Bitcoin boom prompts deluge of bizarre cryptocurrency schemes cashing in on digital gold rush

Joe Sommerlad
Getty

Bitcoin's mid-December boom has sparked a renewed interest in cryptocurrency investment across the world - and some extremely strange goings-on as entrepreneurs speculate on the best way to capitalise on the digicoin gold rush.

The market leader's value stormed to an all-time high of $19,850 (£14,214) in the run-up to Christmas but has since dropped back to its customary $10,000 (£7,190) mark.

Competitors like ethereum, litecoin, ripple and bitcoin cash have all quietly prospered out of the limelight - but cryptocurriences remain a volatile proposition.


All of this excitement has led to a number of bizarre developments as businesses (and scammers) think outside the box about the best way to enter a market worth a combined $405bn (£292bn).

First we had the bitcoin strip club, a Las Vegas lap dancing venue where the performers are branded with temporary tattoos of QR barcodes - allowing customers to tip them in bitcoin by scanning their thighs with smartphones.

Then Venezuelan President Nicolas Maduro launched the petro, effectively a system of oil-backed tokens for paying taxes described by Matt O'Brien of The Washington Post as "one of the worst investments ever."

We've had cryptocurrencies for dentists, the Long Island Iced Tea Company and even a single malt-backed whisky currency from Scotland, CaskCoin. Steven Seagal has his own currency for crying out loud.

Bitcoin marketplace Paxful has meanwhile proposed that cryptocurrency investment could be the key to unlocking the potential of faltering African economies, providing an engine for growth likened to the miracle discovery of "vibranium" recently seen driving the Afrofuturist utopia of Wakanda in Marvel's latest blockbuster movie Black Panther.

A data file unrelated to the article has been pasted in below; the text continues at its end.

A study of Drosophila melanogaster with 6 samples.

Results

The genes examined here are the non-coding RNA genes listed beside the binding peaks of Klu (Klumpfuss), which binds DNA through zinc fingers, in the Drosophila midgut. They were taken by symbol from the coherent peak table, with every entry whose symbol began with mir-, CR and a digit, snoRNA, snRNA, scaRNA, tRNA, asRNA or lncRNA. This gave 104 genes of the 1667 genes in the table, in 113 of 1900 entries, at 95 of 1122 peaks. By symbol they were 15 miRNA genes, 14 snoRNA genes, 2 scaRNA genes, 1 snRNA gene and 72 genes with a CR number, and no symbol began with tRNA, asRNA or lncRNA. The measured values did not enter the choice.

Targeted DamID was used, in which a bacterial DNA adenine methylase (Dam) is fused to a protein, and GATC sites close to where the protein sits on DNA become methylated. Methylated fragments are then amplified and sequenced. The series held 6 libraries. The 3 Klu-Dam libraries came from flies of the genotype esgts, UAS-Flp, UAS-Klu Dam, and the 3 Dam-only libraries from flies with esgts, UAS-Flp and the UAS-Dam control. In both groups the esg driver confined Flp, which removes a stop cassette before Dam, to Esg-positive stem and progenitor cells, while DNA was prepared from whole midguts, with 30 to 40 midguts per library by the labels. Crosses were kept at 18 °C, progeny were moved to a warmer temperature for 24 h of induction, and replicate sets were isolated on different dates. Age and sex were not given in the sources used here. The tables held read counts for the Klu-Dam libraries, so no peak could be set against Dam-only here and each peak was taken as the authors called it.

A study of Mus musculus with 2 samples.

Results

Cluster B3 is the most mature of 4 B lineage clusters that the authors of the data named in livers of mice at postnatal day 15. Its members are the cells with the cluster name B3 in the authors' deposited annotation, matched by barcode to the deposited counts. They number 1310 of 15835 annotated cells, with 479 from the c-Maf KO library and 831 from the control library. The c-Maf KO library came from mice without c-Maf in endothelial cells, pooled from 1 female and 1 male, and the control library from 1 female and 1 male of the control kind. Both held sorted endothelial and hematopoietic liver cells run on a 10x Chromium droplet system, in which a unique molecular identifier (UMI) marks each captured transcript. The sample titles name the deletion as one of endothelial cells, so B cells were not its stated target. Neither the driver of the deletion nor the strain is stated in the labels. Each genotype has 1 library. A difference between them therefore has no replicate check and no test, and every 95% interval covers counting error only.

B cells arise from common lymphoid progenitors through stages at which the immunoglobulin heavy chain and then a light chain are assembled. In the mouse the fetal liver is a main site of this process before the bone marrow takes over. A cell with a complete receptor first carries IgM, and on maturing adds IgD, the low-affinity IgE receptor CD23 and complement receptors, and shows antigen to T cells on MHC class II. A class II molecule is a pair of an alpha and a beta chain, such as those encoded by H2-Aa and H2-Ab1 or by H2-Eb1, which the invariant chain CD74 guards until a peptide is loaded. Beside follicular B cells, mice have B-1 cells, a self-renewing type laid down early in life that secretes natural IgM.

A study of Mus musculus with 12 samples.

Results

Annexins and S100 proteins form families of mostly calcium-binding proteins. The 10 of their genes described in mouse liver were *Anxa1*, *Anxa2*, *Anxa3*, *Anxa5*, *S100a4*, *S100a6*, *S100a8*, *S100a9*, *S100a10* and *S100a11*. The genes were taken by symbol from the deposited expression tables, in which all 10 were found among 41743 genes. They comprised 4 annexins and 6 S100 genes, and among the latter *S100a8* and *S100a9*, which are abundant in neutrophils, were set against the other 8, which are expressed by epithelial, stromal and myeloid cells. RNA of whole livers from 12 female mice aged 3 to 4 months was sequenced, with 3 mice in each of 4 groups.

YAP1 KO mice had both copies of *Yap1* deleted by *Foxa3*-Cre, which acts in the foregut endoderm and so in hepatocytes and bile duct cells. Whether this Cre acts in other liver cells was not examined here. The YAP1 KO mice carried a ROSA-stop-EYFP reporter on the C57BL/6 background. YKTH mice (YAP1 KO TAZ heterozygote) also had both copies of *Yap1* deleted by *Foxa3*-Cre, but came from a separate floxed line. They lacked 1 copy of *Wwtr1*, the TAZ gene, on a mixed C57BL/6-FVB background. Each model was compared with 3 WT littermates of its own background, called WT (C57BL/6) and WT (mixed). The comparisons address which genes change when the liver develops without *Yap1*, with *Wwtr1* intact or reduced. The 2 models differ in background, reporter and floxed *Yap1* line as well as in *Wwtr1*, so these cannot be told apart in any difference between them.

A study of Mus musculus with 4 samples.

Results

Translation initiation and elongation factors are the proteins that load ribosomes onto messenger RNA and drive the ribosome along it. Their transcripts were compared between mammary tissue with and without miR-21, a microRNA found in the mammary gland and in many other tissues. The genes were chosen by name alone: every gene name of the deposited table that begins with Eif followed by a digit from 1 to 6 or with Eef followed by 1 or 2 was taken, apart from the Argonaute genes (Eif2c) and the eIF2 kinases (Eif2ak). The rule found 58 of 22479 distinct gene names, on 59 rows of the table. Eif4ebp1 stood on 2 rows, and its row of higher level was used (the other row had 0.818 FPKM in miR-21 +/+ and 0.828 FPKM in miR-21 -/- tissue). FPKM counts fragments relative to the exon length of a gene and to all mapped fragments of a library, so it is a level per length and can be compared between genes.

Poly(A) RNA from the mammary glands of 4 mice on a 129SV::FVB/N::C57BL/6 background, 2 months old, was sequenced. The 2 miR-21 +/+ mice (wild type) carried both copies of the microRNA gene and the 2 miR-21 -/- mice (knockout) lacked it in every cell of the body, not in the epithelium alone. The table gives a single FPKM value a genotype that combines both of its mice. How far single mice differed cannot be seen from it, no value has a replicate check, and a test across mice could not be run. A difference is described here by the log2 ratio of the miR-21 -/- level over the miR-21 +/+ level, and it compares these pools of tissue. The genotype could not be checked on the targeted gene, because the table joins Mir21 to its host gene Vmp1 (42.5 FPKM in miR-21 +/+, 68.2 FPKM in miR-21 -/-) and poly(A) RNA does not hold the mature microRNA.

Paxful's co-founder and CTO Artur Schaback elaborates:

"Many African nations have plentiful natural resources and a sizeable population that is highly educated. Additionally, a culture of entrepreneurship is common in many African cultures, most notably Nigeria. However, all the natural resources in the world don't mean much until they are taken out of the ground and turned into useable products.

"Imagine every path to starting your own business being cut off and being in a kind of 'financial prison'. This is the bleak reality Africans have had to face, until now. Cryptocurrency is truly the vibranium of Africa as it unlocks the work and effort of the people by giving them equal financial footing. Every single person who has seen the value of their savings evaporate thanks to rampant inflation as seen in Zimbabwe and even Nigeria knows that crypto offers an average of a 600 per cent return in a year as opposed to -40 per cent if they kept their native funds.

"Crypto helps put power back into the people's hands to do business and create wealth."

Many of the ideas currently floating around the sector are more about PR companies getting creative in order to leap aboard the blockchain bandwagon but all convey the very real excitement surrounding cryptocurrencies and their possibilities right now.

Investors are advised to remain cautious, however, as bitcoin and its rivals continue to fluctuate and are open to misuse by scammers and pirates, equally keen to exploit the hype.

While the unauthorised use of Ryan Gosling's likeness among Miroskii's management team was funny, Twitter accounts co-opting SpaceX and Tesla CEO Elon Musk's identity to dupe currency speculators is less so.

Musk is one of the most prominent tech innovators in the world and his legion of fans could easily be persuaded to part with their savings on the assumption that his endorsement was being given in good faith.

Even Apple's co-founder Steve Wozniak has admitted being caught out by coin scammers in the past, which is as clear a cautionary lesson as you could wish for.

Last weekend also saw a mass PC heist in Iceland, where 600 machines being used to mine bitcoin in the country's cool climes were stolen by raiders, showing the dramatic extents criminals are prepared to go to to cash in on the crypto boom. Be careful out there.